Two industry stalwarts, John Walsh and Michael Dwyer, have been appointed as Members of the Order of Australia (AM) for their respective work in disability-health policy, superannuation and the UNHCR.
John Walsh’s own disability, quadriplegia, has been the force that has driven him to advocate in the areas of disability and health policy, while Dwyer’s refugee advocacy grew out of work with ASSET Super.
Walsh, who is a partner, advisory practice, PricewaterhouseCoopers, qualified as an actuary in 1984 after becoming quadriplegic due to a Rugby League accident in 1971 while he was studying pure maths at the University of Sydney.
Walsh said his actuarial training and mindset had helped him “think differently from the social welfare model which focuses on services”. Instead, his emphasis had always been on “what is the unmet need”, and thus match revenue allocations with that need – similar to the way in which an actuary calculating a premium looked at the statistics of claims and costs.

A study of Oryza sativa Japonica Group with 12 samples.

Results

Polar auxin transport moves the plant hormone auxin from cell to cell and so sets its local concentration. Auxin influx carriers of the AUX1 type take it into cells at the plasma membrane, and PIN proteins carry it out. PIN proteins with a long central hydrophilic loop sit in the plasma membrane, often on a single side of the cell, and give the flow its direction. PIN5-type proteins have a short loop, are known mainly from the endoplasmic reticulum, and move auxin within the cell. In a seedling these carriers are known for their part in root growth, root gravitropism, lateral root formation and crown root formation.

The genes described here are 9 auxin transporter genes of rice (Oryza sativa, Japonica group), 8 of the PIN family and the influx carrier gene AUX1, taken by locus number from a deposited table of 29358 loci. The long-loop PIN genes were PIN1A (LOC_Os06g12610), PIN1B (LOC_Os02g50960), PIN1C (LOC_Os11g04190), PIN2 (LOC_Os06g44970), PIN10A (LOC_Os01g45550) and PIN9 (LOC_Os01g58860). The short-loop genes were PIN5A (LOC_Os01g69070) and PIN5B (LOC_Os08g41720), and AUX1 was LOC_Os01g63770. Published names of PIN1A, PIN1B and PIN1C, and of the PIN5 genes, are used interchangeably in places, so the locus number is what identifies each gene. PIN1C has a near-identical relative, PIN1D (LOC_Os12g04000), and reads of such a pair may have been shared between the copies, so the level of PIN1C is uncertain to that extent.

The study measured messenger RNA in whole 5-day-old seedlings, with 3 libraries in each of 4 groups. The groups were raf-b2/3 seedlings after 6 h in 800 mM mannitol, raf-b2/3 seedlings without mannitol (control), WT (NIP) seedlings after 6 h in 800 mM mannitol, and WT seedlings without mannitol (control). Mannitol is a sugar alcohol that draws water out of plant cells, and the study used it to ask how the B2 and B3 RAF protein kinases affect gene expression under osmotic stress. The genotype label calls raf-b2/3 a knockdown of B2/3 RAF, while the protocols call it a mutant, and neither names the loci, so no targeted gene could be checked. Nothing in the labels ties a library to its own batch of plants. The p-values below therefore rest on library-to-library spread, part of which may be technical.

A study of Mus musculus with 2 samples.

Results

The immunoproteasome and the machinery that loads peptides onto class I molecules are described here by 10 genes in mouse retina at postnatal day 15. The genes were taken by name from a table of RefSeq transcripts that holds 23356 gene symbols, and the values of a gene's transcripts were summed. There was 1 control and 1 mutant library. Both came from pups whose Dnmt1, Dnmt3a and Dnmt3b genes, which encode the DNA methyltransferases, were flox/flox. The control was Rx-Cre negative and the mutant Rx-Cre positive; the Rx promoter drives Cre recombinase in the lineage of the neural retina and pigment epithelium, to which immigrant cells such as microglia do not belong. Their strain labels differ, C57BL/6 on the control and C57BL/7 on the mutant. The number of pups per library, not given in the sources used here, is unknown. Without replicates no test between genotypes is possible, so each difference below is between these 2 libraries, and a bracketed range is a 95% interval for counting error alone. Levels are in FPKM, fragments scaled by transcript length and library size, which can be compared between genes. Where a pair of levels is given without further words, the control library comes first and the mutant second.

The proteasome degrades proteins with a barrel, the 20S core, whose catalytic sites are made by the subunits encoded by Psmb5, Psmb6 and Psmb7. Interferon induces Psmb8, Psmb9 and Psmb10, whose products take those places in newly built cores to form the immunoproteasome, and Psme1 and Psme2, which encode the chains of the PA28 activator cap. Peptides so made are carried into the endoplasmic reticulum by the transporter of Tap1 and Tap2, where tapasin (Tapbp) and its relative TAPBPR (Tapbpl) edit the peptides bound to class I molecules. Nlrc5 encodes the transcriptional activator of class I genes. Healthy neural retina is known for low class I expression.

Michael Dwyer, CEO of First State Super and FEAL’s founding chairman, said the award “was a big surprise … You don’t know who’s nominated you, so it’s quite humbling,” he said.
Dwyer thought the award was partly for his charity work with Australia for UNHCR (United Nations Commissioner for Refugees), that began with ASSET Super trustee Naomi Steer 11 years ago.
Both Walsh and Dwyer saw their awards as opportunities to further their areas of advocacy.
Walsh, who is also an associate commissioner on the Productivity Commission’s inquiry into disability care and support, said actuaries – while often working in technical areas – did “have the capacity to make a real difference to public policy issues that our community faces”.
His most recent public advocacy had been with the Productivity Commission’s draft report which was made public in February for comment. More than 1,000 submissions had been received, with public hearings in each capital city, and the final report would be handed to the Federal Government in July.
“There’s a huge lack of funding and inequity in the disability system,” Walsh said. “All the States are underfunded and underperforming.”